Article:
Canada's Population Projected to Expand to 63 Million

Statistics Canada has recently updated its population projections, reflecting significant demographic shifts and outlining various future scenarios for Canada's population growth from 2023 to 2073. According to the latest data from Statistics Canada, Canada's population, which stood at approximately 40.1 million in 2023, is projected to grow substantially, potentially reaching between 47.1 million and 87.2 million by 2073, depending on different growth scenarios.

Note that these projections are based on assumptions that consider recent trends and expert opinions. These include three main scenarios: low-growth (LG), medium-growth (M1), and high-growth (HG). In the medium-growth scenario, which is considered the most likely, the population is expected to reach about 62.8 million by 2073.

Learn more about the factors driving Canada's population growth to reach 63 million and its potential impacts on Canada's economy, demographics, and labor market below.

Impact of New Population Projections on Canada's Population

Impact of New Population Projections on Canada's Population

Immigration continues to be the predominant factor driving Canada's population growth. Since the 1990s, an increase in Canadian immigration has been the key component of demographic expansion, which is expected to persist. In contrast, natural increase, the number of births minus the number of deaths, is projected to play a minor role due to an expected rise in deaths from an aging population and persistently low fertility rates.

Here's a breakdown of how these projections affect age distribution, regional demographics, and the labor market in Canada.


The projections also highlight significant demographic aging. The percentage of the population aged 65 and older is projected to increase from 18.9% in 2023 to between 21.9% and 32.3% by 2073, depending on the aging scenario.

This substantial increase is primarily due to the aging of the baby boom generation, with the population aged 85 and older expected to rise sharply between 2031 and 2050. This demographic shift will significantly increase the demand for healthcare and related services. In contrast, the share of children aged 0 to 14 is expected to decrease, continuing a trend that has been evident since it peaked in 1962.

Provinces and Territories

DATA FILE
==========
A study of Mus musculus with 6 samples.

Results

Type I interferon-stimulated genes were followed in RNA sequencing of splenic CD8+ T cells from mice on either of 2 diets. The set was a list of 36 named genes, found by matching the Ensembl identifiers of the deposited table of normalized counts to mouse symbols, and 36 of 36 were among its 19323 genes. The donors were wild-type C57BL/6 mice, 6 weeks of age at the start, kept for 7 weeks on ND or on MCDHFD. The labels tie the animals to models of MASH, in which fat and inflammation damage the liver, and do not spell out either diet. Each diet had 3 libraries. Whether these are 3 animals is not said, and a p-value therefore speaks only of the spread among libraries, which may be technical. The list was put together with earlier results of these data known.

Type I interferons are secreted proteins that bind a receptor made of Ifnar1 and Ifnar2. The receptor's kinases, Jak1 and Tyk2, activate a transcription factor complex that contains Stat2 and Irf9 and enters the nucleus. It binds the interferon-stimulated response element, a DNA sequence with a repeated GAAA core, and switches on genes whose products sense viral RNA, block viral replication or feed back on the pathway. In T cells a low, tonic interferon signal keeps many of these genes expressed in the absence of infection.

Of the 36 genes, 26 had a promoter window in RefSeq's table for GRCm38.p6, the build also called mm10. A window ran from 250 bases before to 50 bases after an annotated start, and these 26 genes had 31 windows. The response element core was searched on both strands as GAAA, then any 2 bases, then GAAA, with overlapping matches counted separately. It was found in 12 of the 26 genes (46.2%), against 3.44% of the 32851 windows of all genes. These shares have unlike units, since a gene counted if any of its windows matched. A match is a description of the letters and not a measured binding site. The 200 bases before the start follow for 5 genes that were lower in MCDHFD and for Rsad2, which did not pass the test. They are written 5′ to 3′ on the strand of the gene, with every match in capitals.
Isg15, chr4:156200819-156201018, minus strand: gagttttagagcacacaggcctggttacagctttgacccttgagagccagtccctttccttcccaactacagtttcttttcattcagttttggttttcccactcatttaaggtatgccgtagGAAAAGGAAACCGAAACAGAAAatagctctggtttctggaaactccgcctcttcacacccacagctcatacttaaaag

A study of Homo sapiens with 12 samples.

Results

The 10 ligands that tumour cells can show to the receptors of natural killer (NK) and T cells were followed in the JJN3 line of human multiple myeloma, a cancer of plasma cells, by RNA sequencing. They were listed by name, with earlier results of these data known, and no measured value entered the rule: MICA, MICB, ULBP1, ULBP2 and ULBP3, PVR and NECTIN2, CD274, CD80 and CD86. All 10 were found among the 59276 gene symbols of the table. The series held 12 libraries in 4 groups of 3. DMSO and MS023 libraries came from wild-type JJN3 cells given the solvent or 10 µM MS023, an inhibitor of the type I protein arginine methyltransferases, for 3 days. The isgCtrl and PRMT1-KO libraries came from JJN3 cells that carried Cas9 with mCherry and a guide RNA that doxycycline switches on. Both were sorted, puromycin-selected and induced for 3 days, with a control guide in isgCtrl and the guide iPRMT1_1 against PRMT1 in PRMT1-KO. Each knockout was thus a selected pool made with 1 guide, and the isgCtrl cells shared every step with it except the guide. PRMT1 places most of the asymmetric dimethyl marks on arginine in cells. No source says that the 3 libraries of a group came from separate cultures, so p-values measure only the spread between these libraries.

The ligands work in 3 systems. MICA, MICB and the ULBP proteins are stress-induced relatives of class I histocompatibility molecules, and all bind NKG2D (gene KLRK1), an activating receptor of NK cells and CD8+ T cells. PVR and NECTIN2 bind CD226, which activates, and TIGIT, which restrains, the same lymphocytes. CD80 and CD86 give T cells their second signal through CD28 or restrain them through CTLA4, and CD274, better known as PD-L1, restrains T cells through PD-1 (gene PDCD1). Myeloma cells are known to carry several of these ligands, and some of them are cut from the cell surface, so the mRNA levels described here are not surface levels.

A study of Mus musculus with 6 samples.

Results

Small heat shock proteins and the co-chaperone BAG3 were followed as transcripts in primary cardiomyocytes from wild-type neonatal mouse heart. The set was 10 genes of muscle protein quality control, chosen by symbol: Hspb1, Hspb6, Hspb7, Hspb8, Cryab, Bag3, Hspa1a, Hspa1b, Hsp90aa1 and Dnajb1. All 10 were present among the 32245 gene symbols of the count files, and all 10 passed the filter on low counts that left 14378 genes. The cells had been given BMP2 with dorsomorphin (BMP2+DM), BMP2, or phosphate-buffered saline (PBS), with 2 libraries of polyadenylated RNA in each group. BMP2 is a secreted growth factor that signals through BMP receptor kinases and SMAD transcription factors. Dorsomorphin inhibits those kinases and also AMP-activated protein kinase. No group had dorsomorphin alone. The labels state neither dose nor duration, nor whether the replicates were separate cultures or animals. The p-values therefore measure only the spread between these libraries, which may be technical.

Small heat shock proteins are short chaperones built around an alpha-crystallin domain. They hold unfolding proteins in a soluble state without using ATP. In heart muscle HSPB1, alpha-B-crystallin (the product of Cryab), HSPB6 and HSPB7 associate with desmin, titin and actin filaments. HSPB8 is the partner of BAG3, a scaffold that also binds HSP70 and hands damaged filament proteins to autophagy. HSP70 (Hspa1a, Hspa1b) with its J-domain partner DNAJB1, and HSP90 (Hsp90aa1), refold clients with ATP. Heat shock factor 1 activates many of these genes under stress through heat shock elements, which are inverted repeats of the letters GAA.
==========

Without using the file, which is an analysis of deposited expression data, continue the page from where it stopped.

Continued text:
The population growth projections vary significantly across Canadian provinces or territories. While Ontario and Quebec are expected to remain the most populous provinces, the demographic weight of regions such as Saskatchewan, Alberta, and British Columbia is projected to increase.

Canadian provinces or territories like Newfoundland and Labrador may see a decrease in their population size according to certain scenarios. This regional variance in population growth will have profound implications for economic development, resource allocation, and political representation.

Labor Market

Canada's labor market is expected to experience changes as the population grows and ages. The total employment in Canada has increased by 2.4% in the year ending June 2023, keeping pace with population growth. However, the aging population could lead to a tighter labor market, with potential labor shortages in sectors such as healthcare, which will need to expand to meet the increased demand from an older population.

Key Factors Driving Canada's Population Growth

Key Factors Driving Canada's Population Growth

Canada's population growth is driven by several key factors highlighted below.

High Immigration Targets

Canadian immigration policies have shaped its demographic structure. The country has set high immigration targets to counterbalance the aging population and support Canada's labor market. For instance, the Canadian government plans to welcome over 485,000 new permanent residents in 2024 and 500,000 in 2025. This approach helps decrease the effects of an aging population and enriches the nation's cultural diversity and economic vitality.

Rise of Temporary Residents

There has been a significant increase in the number of temporary residents, including international students and temporary foreign workers. These individuals contribute to the economy and often transition to Canadian permanent residency, further boosting Canada's population growth. The presence of temporary residents helps fill critical gaps in the labor market, particularly in sectors that face skill shortages.

High Life Expectancy

Another key factor contributing to Canada's population growth is the high life expectancy of its residents. According to Statistics Canada, Canadian society has one of the highest life expectancies in the world, averaging about 82 years. This increase in longevity contributes to the growing proportion of the elderly, presenting challenges and opportunities for public health and social services.